Motorola on Monday announced the Cliq XT Google Android-based handset, a keyboard-less new handset that will use the Motoblur platform and be known as Quench overseas.
The device, which uses a full virtual QWERTY and sports a rounded square navigational touchpad on the front, offers a new messaging feature called Swype for text entry.
Judging from this promotional video, Swype is a drag-your-finger-around instead of tap type of input:
The Cliq XT/Quench is Motorola’s eighth Android device to date, and was announced at Mobile World Congress 2010.
The handset is aimed at the same social media-meets-multimedia audience that the original Cliq was, and its new media player allows users buy and download music from a store as well as integrate third-party apps such as TuneWiki, SoundHound, GoTV, and YouTube.
Interestingly, the Web browser features pinch-to-zoom gestures, Adobe Flash Lite, and both 3G and Wi-Fi connectivity.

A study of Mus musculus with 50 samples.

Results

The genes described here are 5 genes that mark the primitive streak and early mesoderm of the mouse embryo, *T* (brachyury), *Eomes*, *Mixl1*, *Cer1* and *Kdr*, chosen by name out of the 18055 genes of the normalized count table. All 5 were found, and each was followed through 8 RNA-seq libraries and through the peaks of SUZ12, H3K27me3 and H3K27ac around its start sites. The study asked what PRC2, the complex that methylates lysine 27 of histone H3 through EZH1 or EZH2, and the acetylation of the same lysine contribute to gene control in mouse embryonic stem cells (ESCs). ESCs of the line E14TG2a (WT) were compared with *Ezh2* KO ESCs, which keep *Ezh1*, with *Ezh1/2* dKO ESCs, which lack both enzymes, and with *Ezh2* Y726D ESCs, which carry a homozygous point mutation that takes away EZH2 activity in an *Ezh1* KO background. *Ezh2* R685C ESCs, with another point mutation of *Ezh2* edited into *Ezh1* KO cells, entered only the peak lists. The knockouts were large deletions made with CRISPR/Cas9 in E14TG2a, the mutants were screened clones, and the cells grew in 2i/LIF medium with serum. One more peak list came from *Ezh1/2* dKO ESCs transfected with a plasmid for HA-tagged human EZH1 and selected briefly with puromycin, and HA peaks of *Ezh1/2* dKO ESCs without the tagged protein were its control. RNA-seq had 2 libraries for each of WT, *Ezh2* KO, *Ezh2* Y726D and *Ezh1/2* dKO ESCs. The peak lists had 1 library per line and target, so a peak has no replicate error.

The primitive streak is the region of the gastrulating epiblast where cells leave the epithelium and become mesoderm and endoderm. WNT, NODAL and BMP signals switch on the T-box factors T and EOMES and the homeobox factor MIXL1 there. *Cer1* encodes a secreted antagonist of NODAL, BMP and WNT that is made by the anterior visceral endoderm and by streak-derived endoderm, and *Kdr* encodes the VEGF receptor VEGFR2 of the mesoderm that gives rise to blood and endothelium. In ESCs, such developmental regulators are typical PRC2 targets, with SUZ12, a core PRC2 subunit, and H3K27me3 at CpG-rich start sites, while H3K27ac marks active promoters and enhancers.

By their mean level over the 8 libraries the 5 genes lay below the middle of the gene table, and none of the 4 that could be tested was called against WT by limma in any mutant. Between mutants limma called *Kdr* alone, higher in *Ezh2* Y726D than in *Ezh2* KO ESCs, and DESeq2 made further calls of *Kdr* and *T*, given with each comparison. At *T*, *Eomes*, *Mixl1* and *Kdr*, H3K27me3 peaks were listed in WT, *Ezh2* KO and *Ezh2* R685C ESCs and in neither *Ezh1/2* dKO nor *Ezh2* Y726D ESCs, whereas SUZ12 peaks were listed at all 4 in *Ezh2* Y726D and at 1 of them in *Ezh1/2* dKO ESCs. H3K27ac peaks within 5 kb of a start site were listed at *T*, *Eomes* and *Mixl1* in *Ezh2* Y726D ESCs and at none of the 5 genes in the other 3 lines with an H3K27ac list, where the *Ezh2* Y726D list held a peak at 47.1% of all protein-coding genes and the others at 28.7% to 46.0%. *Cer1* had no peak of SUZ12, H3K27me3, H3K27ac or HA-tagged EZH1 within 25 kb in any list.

The handset also offers a 5 megapixel camera with LED flash.
Otherwise, it's much of the same as the Cliq: the Motoblur platform (on top of Android 1.5) syncs contacts and messages from Facebook, MySpace and Twitter and offers a universal inbox for e-mail.
From the looks of things on paper, the Cliq XT/Quench addresses some of my initial concerns about the original Cliq: it offers a virtual keyboard-only alternative to the original Cliq's physical QWERTY keyboard, offers Flash support, pinch-to-zoom and a better camera.
Unfortunately, it retains the comparatively smallish 3.1-inch, 320x480 touchscreen, now a bit cramped and outdated compared to the best Android handsets on the market, such as Motorola's Droid (Verizon) and HTC's Nexus One (T-Mobile).
Still, it's a welcome upgrade and a great option for a consumer interested in a first Android handset that doesn't need all the bells and whistles. I'm anxious to get my hands on one to see how it holds up to the original Cliq.
The Motorola Cliq XT (Quench) will be available next month on T-Mobile and in the first quarter of 2010 elsewhere.